Jakarta – Transparency International (TII) Indonesia says that 40 out of the 90 coal-fired power plant (PLTU) companies in the country have directors or commissioners who have a conflict of interest or are politically exposed persons (PEPs).
TII researcher Belicia Angelica says that these conflicts of interests are for example, when a director or commissioner in these companies is also a public official.
"This does not [necessarily] have bad connotations, but this fact needs extra attention because public policies in the electricity generation sector have the potential to be influenced by these directors and commissioners", said Angelica during a virtual press conference on Thursday April 15.
Based on a survey conducted between July and December 2020 of 90 PLTU companies, private companies which have directors or commissioners which can be categorised as PEPs can also have access to policy makers.
This is also the case with state-owned enterprises (BUMN) and other companies. Moreover these companies often recruit people categorised as PEPs as directors or commissioners in order to support company policies in political competitions.
"Aside from PEPs, from this investigation, directors and commissioners were found whose name were included in the Panama Papers list, although they can't be revealed individually at this time", she explained.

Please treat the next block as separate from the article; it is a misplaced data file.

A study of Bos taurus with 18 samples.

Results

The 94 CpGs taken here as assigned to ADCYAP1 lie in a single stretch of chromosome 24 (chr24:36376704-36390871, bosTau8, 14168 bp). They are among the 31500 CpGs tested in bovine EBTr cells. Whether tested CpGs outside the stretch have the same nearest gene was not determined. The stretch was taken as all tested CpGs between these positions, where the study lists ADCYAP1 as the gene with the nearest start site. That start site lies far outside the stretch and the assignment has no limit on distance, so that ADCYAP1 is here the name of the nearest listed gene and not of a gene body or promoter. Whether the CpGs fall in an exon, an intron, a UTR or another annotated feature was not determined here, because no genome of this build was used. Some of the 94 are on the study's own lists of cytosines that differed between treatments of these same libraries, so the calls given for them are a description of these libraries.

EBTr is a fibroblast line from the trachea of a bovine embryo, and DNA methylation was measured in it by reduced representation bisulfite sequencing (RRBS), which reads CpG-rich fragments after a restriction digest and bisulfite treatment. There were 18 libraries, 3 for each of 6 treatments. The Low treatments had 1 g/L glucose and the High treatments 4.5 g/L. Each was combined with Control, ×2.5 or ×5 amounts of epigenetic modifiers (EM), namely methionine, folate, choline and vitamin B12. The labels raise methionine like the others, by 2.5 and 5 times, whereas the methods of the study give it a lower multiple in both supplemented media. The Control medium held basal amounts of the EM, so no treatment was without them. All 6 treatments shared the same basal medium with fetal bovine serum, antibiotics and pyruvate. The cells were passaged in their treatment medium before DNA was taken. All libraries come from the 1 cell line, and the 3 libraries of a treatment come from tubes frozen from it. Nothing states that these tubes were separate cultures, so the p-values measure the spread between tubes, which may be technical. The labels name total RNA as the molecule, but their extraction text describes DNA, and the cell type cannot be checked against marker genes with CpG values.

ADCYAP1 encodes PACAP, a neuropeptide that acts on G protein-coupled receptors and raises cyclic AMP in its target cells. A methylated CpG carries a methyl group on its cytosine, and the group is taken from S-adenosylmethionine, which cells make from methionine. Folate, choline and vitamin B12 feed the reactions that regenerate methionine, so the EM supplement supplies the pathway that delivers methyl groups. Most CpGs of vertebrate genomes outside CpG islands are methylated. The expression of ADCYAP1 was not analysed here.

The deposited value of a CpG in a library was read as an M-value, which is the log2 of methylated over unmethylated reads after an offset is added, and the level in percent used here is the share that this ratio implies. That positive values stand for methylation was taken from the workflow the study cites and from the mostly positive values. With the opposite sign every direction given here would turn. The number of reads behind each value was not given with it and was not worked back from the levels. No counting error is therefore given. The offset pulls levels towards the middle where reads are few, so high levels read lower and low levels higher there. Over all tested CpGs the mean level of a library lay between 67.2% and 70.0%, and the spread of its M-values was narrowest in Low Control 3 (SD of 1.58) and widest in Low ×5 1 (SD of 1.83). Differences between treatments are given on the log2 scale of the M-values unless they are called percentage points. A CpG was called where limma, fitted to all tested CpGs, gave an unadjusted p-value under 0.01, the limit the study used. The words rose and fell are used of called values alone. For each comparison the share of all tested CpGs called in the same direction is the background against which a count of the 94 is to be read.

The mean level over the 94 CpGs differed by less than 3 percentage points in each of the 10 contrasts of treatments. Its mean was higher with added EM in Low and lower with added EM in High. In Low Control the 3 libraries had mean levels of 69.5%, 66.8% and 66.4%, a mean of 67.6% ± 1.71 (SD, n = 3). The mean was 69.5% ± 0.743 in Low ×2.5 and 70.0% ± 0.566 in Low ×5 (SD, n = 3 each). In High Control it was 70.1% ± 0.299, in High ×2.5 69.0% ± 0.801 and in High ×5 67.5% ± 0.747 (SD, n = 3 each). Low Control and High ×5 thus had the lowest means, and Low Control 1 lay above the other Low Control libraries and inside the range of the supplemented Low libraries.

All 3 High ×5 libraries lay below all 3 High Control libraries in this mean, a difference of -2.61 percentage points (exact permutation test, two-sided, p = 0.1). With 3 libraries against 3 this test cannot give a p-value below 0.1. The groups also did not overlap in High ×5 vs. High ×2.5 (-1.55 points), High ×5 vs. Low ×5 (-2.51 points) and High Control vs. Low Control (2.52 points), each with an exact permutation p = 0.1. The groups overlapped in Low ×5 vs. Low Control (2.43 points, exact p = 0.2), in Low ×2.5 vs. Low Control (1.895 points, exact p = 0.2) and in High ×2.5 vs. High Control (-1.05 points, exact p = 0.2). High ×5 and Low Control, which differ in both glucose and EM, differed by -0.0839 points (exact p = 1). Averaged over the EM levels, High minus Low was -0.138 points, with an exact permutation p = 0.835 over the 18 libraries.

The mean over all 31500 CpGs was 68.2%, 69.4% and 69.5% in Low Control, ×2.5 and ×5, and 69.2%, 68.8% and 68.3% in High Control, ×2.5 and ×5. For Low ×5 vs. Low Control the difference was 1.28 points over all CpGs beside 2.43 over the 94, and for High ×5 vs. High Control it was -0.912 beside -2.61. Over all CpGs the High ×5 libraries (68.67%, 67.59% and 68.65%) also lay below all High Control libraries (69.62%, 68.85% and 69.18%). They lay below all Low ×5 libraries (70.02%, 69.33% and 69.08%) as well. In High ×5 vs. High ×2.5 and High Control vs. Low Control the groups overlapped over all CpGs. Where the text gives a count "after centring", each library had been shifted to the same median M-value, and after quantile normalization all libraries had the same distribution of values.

Based on their backgrounds, TII found that there were 47 directors or commissioners categorised as PEPs who came from the bureaucracy, 32 who were close to PEPs and 37 who held strategic position in other places.
The remainder were four law enforcement officials, nine military officers and three politicians.
On the other hand, Angelica said there were 40 companies or 44 percent of the companies which do not reveal information about themselves and their businesses to the public.
Based on these findings, TII stated that the Corporate Political Engagement Index (CPEI) scores for these companies was 0.9 out of 10.
"This score is very low, it didn't even reach 1. This indicates that companies in the PLTU business in Indonesia are not transparent in their public activities", she explained.
TII also made a recommendation to the companies and the government in the electricity generation sector to pay attention to these findings. In the future, it is hoped that the companies will publish information on their business plans, procurements and projects.
"Then there is the drafting and enforcement of regulations on the political involvement of companies", she said.
Not to be left out, regulations on the practice of political lobbying are also needed. "In the US it's even printed how much the lobbying budget is, this isn't a problem, as long as it's transparent", she said in conclusion. (uli/sfr)
[Translated by James Balowski. The original title of the article was "Survei: 40 dari 90 Bisnis PLTU Punya Bos Terafiliasi Politik".]